A spate of attacks in central Mali left nearly forty people dead on Thursday, just hours after the United Nations urged rival groups to implement a 2015 peace deal, or face sanctions. Critics argue the peace deal may be part of the problem.
More than two years after a landmark peace deal was signed between Malian authorities and separatist Tuareg rebels, insecurity has not only grown but spread to the center of the country.
At least 26 people were killed Thursday in a landmine explosion that was targeting the UN’s peacekeeping mission in Mali, known by its French acronym MINUSMA.
Two further attacks within the space of 24 hours left seven jihadists and two soldiers dead, also in central Mali.
The unrest comes just hours after the UN Security Council threatened to impose sanctions on anyone found blocking the 2015 Algiers Accord.
Not everyone is convinced that sanctions are the right approach.
“It’s even a question of whether or not the sanctions are actually going to be imposed on anyone or if this is just the threat of sanctions,” Andrew Lebovich, a visiting fellow with the European Council of Foreign Relations, told RFI.
The UN last brandished the threat of sanctions in 2017, to little effect.
This time round sanctions may impact members of the Malian government given their restrictions on travel and banking, but the implementation of the peace deal won’t guarantee stability, reckons Lebovich.
“The more central regions of Mali–Mopti, Ségou– aren’t part of the peace accords,” he says. These are the same areas where this week’s attacks took place.
In 2015 when the Algiers Accord was first signed by an alliance of Tuareg-led rebels and the Malian government, its aim was to assuage the aspirations for autonomy of the National Movement for the Liberation of Azawad (MNLA), and to calm the conflict in the north which had triggered a French-led war.
Violence today has shifted to the center.
It’s not just the geographical scope that’s wrong with the peace deal reckons Emmanuel Dupuy, president of the Paris-based Institute of Perspective and Security Studies, but its composition.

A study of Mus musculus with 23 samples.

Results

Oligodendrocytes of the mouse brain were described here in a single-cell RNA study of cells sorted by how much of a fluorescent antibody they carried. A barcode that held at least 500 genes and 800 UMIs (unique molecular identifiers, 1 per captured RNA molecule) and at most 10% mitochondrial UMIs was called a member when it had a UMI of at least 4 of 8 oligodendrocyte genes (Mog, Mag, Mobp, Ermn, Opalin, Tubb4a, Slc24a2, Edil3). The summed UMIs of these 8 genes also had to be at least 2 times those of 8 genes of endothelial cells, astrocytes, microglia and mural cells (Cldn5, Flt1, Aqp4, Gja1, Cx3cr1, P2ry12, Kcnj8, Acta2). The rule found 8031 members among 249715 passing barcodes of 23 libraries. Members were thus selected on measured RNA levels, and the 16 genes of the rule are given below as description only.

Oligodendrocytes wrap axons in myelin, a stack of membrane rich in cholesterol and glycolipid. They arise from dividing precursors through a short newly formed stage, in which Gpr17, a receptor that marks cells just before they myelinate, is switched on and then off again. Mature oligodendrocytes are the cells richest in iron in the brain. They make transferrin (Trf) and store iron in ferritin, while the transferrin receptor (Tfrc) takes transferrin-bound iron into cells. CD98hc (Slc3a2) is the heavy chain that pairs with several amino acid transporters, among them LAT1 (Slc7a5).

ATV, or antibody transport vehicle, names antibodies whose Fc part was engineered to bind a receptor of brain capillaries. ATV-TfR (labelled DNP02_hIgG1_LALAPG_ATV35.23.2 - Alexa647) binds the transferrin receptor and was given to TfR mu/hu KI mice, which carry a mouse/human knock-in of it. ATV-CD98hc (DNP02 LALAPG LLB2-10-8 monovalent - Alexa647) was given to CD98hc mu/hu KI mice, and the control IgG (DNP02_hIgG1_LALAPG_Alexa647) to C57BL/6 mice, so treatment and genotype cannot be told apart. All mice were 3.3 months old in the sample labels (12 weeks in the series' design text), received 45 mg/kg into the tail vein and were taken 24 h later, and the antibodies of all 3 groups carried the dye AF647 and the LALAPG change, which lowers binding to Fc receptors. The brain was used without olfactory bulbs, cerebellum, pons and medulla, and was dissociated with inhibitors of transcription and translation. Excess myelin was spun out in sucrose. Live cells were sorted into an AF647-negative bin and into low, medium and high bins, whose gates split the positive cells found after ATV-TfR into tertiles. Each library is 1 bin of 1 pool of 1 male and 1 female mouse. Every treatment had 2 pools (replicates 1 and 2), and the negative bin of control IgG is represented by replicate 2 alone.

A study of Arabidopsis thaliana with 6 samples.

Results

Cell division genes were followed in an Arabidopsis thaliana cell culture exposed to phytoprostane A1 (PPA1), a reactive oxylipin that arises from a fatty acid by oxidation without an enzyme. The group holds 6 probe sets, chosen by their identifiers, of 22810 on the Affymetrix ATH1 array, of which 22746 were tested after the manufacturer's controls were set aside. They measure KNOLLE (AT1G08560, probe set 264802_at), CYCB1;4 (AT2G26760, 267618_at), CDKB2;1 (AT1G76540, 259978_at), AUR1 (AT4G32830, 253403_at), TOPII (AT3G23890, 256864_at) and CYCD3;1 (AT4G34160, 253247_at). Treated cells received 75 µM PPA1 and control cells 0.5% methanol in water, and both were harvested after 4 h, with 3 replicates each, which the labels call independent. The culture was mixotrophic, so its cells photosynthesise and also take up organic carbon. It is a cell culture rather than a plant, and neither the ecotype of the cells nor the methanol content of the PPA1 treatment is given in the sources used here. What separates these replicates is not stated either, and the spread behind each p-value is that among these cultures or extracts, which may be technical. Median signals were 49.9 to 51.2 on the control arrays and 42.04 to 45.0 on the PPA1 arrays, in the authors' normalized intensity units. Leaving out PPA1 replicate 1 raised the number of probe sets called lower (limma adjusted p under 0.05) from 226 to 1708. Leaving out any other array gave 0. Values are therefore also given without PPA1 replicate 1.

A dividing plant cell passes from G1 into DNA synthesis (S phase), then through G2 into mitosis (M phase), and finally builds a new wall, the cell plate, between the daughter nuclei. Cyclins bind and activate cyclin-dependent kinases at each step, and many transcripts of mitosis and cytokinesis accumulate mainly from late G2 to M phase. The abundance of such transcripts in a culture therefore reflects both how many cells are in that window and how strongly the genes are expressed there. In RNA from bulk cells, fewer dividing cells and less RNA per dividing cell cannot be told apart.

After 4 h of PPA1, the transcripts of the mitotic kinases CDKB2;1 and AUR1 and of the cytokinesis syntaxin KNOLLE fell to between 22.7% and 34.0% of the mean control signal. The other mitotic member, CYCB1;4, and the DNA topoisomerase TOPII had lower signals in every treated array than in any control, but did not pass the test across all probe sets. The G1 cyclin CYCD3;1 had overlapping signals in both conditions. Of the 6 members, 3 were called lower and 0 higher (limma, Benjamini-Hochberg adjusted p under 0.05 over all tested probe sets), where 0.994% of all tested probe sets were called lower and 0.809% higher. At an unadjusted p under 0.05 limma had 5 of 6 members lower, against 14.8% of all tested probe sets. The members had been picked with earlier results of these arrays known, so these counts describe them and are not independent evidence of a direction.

It includes people who “are not considered to be terrorist organizations and who are cooperating with the Malian government,” he told RFI, adding that the perpetrators of the recent attacks never signed the peace agreement, rendering it in essence useless.
For Lebovich, the Algiers Accord may have been flawed from the start.
“We’ve seen other armed groups spring up since the signature of the Accord demanding to be part of the peace process,” he says. “So there’s a risk that if these groups aren’t dealt with, there’s going to be more tensions and more threats of violence, but right now there’s not really a framework in place to integrate them.”
The framework that does exist, calls for decentralization, the establishment of a regional territorial police force, and demobilizing and reintegrating combatants. So far there’s been little to no progress on any of these provisions.
The UN, and France in particular, want that to change, in light of elections scheduled for this year.
“The aim is to push the government of the newly-elected prime minister Soumeylou Boubèye Maiga, and the president IBK,(Ibrahim Boubacar Keïta) to have results in the fight against terrorism,” says Dupuy.
Regional elections have already been postponed five times, and patience is running out.
Revised peace deal?
The international community is reluctant to go back to the drawing board, says Lebovich.
“No one is keen to do this process again, they’re certainly not looking to restart the peace accords so there is this idea that as long as the accords are implemented it won’t be perfect but it will be a start.”
Mali’s foreign minister, Tieman Hubert Coulibaly, told the Council Tuesday that his government would complete the peace process.
“I don’t see a concrete effect on the ground,” reckons Dupuy, “but I see a concrete political effect: putting more pressure on IBK to deal with the security agenda which he has not been willing or capable of doing till now.”